The effects of anisotropy on deformation are complex. One way to represent fabric is through a cone angle, where the cone angle goes from a = 0° for all crystals aligned, to a = 90° for isotropic ice. In general, stronger anisotropy (smaller cone angle) makes the ice softer in shear parallel to the basal planes, and stiffer in compression normal to the basal planes (think of a deck of cards), as shown in Fig. 61.2.
It has been a common practice to account for the effects of anisotropy with scalar 'enhancement' factors. Where there is one
dominant stress component (shear or compression) it may be a reasonable approximation; however, in general, a scalar enhancement factor is inadequate, because the enhancement of strain rate due to fabric depends on both stress orientation and deformation direction. Accounting for anisotropy explains most of the 'enhanced' deformation in Greenland, about 75% at Dye 3 for instance (Thorsteinsson et al., 1999).
The vertically symmetric fabric commonly observed in icesheets makes horizontal shearing easier (Fig. 61.2). This facilitates folding, i.e. elements with smaller slopes can be overturned. The effects of anisotropy on folding are complicated by the fact that, for a range of cone angles, ice is also softer in compression (Figs 61.2 & 61.3a); this opposes folding (Thorsteinsson & Waddington, 2002). Figure 61.3 shows (a) the vertical strain rate and (b) shear strain rate in combined uniaxial compressive stress and simple shear stress (as when moving away from the centre of a dome). In layers with spatially variable and evolving fabric, the fabric causes localized flow variations, which could create layer disturbances.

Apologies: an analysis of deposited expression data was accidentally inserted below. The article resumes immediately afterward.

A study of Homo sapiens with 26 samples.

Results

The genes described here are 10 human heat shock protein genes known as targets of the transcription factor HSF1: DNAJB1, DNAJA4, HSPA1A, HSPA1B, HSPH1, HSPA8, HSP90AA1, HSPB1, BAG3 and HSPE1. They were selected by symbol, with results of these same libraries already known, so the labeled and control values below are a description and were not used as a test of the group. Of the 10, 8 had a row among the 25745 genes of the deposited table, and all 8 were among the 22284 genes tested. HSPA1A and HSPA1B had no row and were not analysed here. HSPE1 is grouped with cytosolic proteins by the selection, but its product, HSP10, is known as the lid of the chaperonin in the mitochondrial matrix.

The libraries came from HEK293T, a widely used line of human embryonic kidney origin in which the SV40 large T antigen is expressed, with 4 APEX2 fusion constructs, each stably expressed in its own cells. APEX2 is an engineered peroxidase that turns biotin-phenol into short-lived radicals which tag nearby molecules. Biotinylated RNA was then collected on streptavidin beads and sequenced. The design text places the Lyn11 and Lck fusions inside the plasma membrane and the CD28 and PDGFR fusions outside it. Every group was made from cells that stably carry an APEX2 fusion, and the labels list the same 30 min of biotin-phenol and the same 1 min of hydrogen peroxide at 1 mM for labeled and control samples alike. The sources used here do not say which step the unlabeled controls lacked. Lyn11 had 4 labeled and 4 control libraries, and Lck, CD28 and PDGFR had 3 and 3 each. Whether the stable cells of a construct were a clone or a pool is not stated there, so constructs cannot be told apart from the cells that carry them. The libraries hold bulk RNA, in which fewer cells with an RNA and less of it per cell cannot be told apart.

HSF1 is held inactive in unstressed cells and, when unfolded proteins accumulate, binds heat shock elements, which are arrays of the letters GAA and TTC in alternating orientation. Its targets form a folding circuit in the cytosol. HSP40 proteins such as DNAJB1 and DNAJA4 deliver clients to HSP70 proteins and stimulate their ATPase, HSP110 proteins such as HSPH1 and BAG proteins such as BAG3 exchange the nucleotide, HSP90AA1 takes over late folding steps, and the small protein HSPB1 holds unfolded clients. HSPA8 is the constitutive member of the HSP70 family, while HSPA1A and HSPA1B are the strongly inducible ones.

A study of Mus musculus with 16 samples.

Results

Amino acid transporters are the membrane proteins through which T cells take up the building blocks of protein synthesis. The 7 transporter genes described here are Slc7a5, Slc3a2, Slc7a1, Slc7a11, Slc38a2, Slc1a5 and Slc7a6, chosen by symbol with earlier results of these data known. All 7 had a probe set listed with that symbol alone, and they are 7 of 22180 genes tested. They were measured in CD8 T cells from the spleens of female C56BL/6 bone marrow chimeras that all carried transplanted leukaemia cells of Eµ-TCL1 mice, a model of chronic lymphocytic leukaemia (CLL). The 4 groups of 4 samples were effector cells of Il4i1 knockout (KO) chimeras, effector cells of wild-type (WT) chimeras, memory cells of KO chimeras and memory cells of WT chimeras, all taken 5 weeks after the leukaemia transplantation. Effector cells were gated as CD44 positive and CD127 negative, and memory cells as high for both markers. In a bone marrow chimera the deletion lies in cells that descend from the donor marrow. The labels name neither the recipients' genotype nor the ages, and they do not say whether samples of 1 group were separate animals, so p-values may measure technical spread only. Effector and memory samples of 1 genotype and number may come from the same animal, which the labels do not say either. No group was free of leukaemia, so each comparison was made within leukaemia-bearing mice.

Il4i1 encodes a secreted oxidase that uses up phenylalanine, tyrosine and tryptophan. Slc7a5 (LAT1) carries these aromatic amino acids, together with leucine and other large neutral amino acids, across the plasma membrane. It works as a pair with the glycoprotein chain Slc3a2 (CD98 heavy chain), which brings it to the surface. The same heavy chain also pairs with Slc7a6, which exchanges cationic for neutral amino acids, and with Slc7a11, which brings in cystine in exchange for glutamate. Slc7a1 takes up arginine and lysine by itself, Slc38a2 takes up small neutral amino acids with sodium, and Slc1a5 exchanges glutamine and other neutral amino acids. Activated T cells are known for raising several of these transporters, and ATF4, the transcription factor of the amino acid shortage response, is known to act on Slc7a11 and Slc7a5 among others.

Along most particle paths in polar ice sheets, ice experiences a slowly changing local deviatoric-stress pattern, and develops a fabric characteristic of its current stress state, in which there is generally a correspondence between non-zero strain-rate components and non-zero deviatoric-stress components. However, when the stress pattern changes more rapidly than the fabric can evolve, unusual or unexpected deformation patterns can result (Thorsteinsson et al., 2003). The degree to which fabric follows the local stress is determined by the characteristic time-scales for changes in stress, given by the transition-zone width and ice velocity, and for changes in crystal orientation, given, in the absence of recrystallization, by the inverse of the local strain rate due to the principal stress. Recrystallization can significantly reduce the time-scale for fabric adjustment. Stress and fabric tend to be misaligned in ice-stream margins (although recrystallization will also be active) and in flow through a saddle (Thorsteinsson et al., 2003). Non-intuitive deformation patterns can also result if the stress state applied to an ice sample in an experiment is markedly different from the in situ stress state in the ice sheet.